The inner thoughts of Killer CrocPosted: 06/12/2014
[Ed. Note: Like last year at this time, I’m on vacation next week, but I have some great stuff planned for when I return. New articles begin June 23rd — check out some of my previous stuff in the meantime! Thank you for your continued and incredible support of my website. I love you all!]
You know what makes the Punisher comics so great? Truckloads of blood. But after that, inner monologues. I love them — the idea that we as readers get access to the inner thoughts of our favorite characters. We’re all psychics in the Marvel and DC universes! Today, I found a delightful issue narrated by Killer Croc, a Batman villain who’s usually described as somewhere in between sewer-dwelling moron and ridiculous manimal. But let your heart open (slightly) because in Batwoman #21, written by J.H. Williams III & W. Haden Blackman and drawn by Francesco Francavilla, we get another side of the story — and while not sympathetic or redeeming in the least — it’ll be a chance for Batman’s B-list rogue to talk about a day in his sewer-dwelling manimal life.
Aw, DC’s only two crocodile people found each other! And they aren’t eating each other either — unless manners demand they make out a little before disemboweling. Still, like Killer Croc knows all too well, any happiness comes with a price, and usually in blood because it’s not as if Killer Croc can stop by an ATM or anything. But instead of Killer Croc: frightened sewer embarrassment, how about Killer Croc: brave sewer king?
Batwoman (real name Kate Kane), fights crime much like the normal Bat-family way: kung fu and grit. Unfortunately, all the roundhouse kicks in the world won’t penetrate Killer Croc’s superhuman durability or block his super strength. Though as we learned in the last two panels, his heart remains ever soft and mushy. It’s the supervillain curse that so many of them have to prove their love by slaughtering vigilantes.
See that smile on Killer Croc’s face? He may have a hideous physical condition, but he’s still a dude deep down. And even though that may have been one of the least romantic kisses in recent comics, Batman’s supervillains make up for their deviousness with their pervertedness. Now because comics demands that every tender moment be shattered by impromptu violence, Killer Croc attacks.
Okay, we have to talk about this amazing scene. Of course Killer Croc lives with massive self-loathing being a sewer reptile man and whatnot. Relentless teasing, bullying, and other therapy-inducing acts brought upon in his youth don’t go away — especially after decades of cannibalism and Arkham Asylum stays. Even though he looks like a reptile and possesses reptile traits, he’s still a human with human feelings. He lived as Waylon Jones for longer than he’s lived as Killer Croc.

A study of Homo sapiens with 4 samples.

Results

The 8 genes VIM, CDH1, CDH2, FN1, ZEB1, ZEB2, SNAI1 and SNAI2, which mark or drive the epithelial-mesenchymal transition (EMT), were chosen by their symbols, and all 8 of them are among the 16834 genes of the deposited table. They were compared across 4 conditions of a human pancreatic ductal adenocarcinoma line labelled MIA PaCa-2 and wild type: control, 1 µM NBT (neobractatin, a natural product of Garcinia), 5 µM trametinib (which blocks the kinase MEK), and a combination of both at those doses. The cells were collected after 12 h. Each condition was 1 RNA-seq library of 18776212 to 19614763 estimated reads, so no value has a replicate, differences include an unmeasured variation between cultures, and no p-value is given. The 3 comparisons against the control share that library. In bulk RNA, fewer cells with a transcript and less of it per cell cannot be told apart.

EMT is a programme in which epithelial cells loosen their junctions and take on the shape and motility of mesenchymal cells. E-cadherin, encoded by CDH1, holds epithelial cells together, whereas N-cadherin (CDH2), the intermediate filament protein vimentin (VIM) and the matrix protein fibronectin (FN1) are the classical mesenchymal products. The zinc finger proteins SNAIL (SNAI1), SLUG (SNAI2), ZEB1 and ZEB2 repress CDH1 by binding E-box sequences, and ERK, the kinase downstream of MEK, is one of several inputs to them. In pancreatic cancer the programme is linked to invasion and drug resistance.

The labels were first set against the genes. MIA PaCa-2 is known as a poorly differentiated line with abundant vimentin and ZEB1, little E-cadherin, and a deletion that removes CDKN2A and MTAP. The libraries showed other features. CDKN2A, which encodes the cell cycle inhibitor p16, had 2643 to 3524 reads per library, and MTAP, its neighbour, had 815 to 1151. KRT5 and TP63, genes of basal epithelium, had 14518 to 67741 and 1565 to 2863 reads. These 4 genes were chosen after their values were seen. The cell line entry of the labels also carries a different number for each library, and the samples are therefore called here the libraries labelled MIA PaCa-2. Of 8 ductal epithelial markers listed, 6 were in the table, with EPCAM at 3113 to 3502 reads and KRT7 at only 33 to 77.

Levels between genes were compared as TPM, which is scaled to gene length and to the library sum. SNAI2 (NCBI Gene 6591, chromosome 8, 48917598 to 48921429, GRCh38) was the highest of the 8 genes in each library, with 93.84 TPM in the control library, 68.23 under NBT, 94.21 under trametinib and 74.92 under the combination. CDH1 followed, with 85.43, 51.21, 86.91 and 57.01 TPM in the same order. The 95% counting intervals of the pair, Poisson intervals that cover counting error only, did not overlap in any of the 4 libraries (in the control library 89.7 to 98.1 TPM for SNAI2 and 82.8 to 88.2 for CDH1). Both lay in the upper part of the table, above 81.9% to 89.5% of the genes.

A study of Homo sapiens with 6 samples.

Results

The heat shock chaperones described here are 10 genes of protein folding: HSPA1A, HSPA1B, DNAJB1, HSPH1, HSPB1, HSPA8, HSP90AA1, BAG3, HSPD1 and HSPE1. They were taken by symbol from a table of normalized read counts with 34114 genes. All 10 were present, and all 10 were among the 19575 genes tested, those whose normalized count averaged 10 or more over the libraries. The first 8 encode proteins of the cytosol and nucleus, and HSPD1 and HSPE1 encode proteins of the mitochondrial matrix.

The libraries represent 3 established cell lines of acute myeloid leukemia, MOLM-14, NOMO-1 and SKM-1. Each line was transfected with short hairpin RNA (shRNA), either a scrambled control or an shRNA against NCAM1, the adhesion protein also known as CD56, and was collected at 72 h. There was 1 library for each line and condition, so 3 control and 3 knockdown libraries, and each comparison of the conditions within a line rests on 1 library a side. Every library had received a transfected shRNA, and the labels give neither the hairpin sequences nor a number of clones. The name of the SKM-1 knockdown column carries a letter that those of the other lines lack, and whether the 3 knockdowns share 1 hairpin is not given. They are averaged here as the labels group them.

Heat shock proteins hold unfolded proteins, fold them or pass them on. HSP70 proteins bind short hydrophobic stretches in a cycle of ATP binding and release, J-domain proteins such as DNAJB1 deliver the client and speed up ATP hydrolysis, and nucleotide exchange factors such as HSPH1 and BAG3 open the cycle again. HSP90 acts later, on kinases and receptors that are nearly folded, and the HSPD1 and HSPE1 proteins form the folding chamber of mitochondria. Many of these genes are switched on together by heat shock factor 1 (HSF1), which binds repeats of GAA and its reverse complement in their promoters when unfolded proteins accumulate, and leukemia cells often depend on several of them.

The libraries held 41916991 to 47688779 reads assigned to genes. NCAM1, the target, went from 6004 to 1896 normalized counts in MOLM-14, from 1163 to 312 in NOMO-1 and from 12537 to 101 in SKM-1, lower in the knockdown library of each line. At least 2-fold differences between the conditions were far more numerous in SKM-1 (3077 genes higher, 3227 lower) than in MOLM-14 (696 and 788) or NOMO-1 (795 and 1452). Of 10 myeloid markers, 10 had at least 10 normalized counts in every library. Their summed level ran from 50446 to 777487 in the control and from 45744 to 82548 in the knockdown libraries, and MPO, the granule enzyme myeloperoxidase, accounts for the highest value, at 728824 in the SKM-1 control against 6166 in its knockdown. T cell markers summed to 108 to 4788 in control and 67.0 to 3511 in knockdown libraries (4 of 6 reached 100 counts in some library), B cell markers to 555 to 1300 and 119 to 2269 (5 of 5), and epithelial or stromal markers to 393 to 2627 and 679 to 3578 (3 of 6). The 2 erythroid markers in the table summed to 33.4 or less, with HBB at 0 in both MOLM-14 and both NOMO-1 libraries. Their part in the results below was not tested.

Isn’t it great Maggie Sawyer acts as a partner as opposed to a damsel in distress? Batwoman can fight to her full extent knowing that she doesn’t have to protect her fiancée. It’s just a nice change of pace from when Superman always has to rescue his lover
Jimmy Olsen Lois Lane. In the New 52 at least, Wonder Woman can survive nuclear explosions, so Superman’s new girlfriend happens to be a bit tougher than his previous love interests. This is off topic, but can we drop the Superman vs. Batman nonsense? The Dark Knight’ll die from a lucky bullet through the chin while Superman would brush off Hiroshima like an inconvenient tan. Batman’s awesome, but he’s also wildly mortal, and that’s the way we like him.
Back to our story, I love that we get the truth behind Killer Croc’s physical pain as well. Batman’s rogue gallery does feature some baddies with superhuman characteristics (like Bane, Poison Ivy, Clayface, Man-Bat, and Harley Quinn to a lesser degree), but they aren’t on the same league as Superman’s or Wonder Woman’s group of evildoers. Batman has to be able to take on his villains with some ingenuity and exploding batarangs, something Doomsday or Ares would laugh off before punching Batman into space. So yes, Killer Croc can take a full pistol clip without slowing him down, but it’s still going to hurt like hell. I like that he admits it, and we’ll remember this fact the next time Batman throws a batarang in his eye.
Finally, a third Batwoman buddy shows up.
Writers Williams III and Blackman left Batwoman after issue #24. Editorial differences wouldn’t let them marry Batwoman and Sawyer, but relevant to this story, DC forced them to scrap plans to expand upon Killer Croc’s origin and role. It’s quite unfortunate, because as you read the ending today, this marks a phenomenal new start for one of Batman’s most forgotten bad guys. For now, just imagine what would have happened. Our imaginations must be pretty good by now, right?
In our next issue on June 23rd, Flash falls out of an airplane!